The purpose of these quotations and the hate mail that accompanies them in cyberspace is to portray the President as a socialist, a fascist, a communist or something else even worse. The Internet is crackling with comparisons between Obama and such dictators as Hitler, Stalin, and Mussolini. Add to this racial and religious allegations that "Barack the magic Negro" is not a Christian at all, but a secret Muslim who is bent on taking control of both guns and money so he can castrate capitalism and destroy America as we know it.

Just as despicable, say the critics, are Obama's determination to dictate what kind of cars Americans drive, his plans to "nationalize" health care, federalize education and steer the whole country far left — all very dirty words in a nation where so many politically charged words have so little meaning.

Millions of Americans seem to believe this vitriol. Perhaps that is explained in part by recent research that concludes that the reading and mathematics skills of American 17 year-olds have not improved over the past thirty years. Considering the explosion of knowledge worldwide since 1979, it should be no surprise that Americans test in the bottom five of thirty industrialized countries in both math and science, or that name-calling so often prevails over intelligent argument in United States politics.

There is absolutely nothing wrong with sordid political humor, but some of what we see now is getting uncomfortably close to the kind of invective that inspires assassination attempts. America suffers when the level of political discourse in these difficult times is such that the National Chairman of the Republican Party feels compelled to apologize to a talk show host (Rush Limbaugh) who calls for a new President to fail.

So often the so-called dialog is no more than attacks devoid of content and innuendo devoid of fact, even among the politicians who aspire to "dethrone" President Obama in 2012.

Besides poisoning the political atmosphere, this kind of vitriol is going to make it much more difficult to achieve any kind of bi-partisan collaboration to resolve America's myriad problems. As recent votes in Congress have shown, too many members will not defy attackers and do what is right if that risks their re-election prospects. Sadly, the Republicans in this economic crisis have been far more able to vote "No" en masse than to come up with sensible alternative recovery proposals.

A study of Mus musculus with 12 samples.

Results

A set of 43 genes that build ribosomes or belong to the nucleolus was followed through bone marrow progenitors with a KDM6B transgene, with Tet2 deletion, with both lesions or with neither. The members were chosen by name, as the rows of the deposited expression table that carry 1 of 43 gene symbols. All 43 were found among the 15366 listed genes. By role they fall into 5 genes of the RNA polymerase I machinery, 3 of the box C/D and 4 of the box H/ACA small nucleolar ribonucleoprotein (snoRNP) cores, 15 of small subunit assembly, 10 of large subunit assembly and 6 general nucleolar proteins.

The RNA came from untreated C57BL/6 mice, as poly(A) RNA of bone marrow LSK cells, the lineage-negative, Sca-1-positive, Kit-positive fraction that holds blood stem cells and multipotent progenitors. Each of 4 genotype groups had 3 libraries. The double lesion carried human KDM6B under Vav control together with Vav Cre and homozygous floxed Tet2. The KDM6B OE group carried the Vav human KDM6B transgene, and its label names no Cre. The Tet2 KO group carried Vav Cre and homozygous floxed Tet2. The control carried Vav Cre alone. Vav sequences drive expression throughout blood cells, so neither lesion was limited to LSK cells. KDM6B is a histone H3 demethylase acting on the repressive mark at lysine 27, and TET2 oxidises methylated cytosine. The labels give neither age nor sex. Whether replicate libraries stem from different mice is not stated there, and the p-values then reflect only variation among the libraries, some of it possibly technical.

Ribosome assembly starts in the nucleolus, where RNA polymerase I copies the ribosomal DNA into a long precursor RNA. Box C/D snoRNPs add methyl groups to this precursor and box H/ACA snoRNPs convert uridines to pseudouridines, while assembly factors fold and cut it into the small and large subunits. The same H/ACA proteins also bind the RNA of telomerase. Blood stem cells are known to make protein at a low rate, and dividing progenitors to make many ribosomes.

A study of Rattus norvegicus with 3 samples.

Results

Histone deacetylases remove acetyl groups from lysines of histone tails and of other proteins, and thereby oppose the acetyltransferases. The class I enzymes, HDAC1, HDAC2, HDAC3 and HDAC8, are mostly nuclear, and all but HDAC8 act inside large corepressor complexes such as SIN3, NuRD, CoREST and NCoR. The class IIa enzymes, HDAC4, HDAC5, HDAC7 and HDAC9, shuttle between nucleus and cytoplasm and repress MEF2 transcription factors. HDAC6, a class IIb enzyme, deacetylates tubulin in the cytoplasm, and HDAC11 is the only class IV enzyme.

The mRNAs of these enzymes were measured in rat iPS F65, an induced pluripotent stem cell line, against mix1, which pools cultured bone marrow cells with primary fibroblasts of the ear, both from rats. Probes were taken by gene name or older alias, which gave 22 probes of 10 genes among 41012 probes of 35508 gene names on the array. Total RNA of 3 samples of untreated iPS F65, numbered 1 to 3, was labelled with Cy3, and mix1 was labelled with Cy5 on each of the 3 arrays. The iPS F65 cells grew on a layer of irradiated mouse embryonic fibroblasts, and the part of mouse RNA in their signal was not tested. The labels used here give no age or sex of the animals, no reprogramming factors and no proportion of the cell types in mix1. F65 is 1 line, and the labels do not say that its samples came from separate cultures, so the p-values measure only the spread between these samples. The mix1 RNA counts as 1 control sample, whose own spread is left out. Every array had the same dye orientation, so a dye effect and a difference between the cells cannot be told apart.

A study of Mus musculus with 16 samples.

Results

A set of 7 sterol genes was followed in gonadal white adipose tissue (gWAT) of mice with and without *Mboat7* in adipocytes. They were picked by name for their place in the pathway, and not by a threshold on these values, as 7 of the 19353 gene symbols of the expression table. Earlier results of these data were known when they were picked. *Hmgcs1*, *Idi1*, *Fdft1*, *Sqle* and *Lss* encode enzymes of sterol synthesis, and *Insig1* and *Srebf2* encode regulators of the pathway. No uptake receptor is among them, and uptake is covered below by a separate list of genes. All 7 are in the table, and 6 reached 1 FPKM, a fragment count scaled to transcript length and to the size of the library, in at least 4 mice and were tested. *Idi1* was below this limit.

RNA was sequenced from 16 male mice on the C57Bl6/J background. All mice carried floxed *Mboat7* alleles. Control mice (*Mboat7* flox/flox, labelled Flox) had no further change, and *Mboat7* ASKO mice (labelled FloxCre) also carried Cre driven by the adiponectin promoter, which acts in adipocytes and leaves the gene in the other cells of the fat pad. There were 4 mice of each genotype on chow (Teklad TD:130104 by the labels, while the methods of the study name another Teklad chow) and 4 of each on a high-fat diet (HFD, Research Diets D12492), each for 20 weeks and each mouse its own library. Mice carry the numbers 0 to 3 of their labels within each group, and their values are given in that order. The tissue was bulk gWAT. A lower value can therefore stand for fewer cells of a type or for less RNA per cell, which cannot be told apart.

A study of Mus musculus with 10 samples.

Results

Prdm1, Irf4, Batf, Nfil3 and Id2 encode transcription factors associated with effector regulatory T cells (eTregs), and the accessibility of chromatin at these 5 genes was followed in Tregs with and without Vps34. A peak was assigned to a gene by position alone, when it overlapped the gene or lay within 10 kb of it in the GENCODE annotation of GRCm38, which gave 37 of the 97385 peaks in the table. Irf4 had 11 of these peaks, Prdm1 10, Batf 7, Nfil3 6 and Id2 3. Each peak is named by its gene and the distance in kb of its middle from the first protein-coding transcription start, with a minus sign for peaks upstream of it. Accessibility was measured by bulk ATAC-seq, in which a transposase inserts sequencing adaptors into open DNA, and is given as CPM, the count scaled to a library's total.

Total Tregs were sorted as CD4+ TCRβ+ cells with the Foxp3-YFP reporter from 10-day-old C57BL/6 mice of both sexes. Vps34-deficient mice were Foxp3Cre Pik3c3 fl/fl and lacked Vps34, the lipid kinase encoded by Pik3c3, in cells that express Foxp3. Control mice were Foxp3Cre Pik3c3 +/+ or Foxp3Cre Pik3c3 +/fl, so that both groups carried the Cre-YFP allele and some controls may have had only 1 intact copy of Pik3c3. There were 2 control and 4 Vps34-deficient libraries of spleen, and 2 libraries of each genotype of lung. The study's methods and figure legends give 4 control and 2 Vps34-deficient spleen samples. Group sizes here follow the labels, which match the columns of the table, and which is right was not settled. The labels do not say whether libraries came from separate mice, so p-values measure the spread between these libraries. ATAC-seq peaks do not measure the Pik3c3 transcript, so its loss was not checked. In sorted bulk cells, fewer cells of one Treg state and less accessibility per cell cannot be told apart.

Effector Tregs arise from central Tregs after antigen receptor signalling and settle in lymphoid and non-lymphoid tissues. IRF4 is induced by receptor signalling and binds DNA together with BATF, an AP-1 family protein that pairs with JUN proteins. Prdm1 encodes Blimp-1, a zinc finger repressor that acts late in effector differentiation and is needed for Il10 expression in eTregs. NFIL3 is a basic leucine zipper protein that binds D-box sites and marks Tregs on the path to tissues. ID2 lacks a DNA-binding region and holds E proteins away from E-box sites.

Perhaps there is a glimmer of hope in the garbage that passes as political discourse. Most of the stench in recent days has come from the Right-at-any-cost fraction of the political spectrum. Although those messages are pungent, the latest public opinion polls suggest that most Americans are sensible even if not very well educated. Less that a quarter of those polled recently identify themselves as Republicans, a startling drop in support for the party that occupied the White House and controlled both Houses of Congress from 2001 until the 2006 election.

Hopefully the Grand Old Party which produced and sustained presidents like Lincoln and Reagan will get the message, and look to talent instead of talk show hosts like Rush Limbaugh for leadership. A healthy democracy in the United States needs two political parties that can actually come up with sensible policy alternatives and offer an intelligent choice between them.

Goldsmith is a former director of the American Institute in Taiwan's Kaohsiung Office.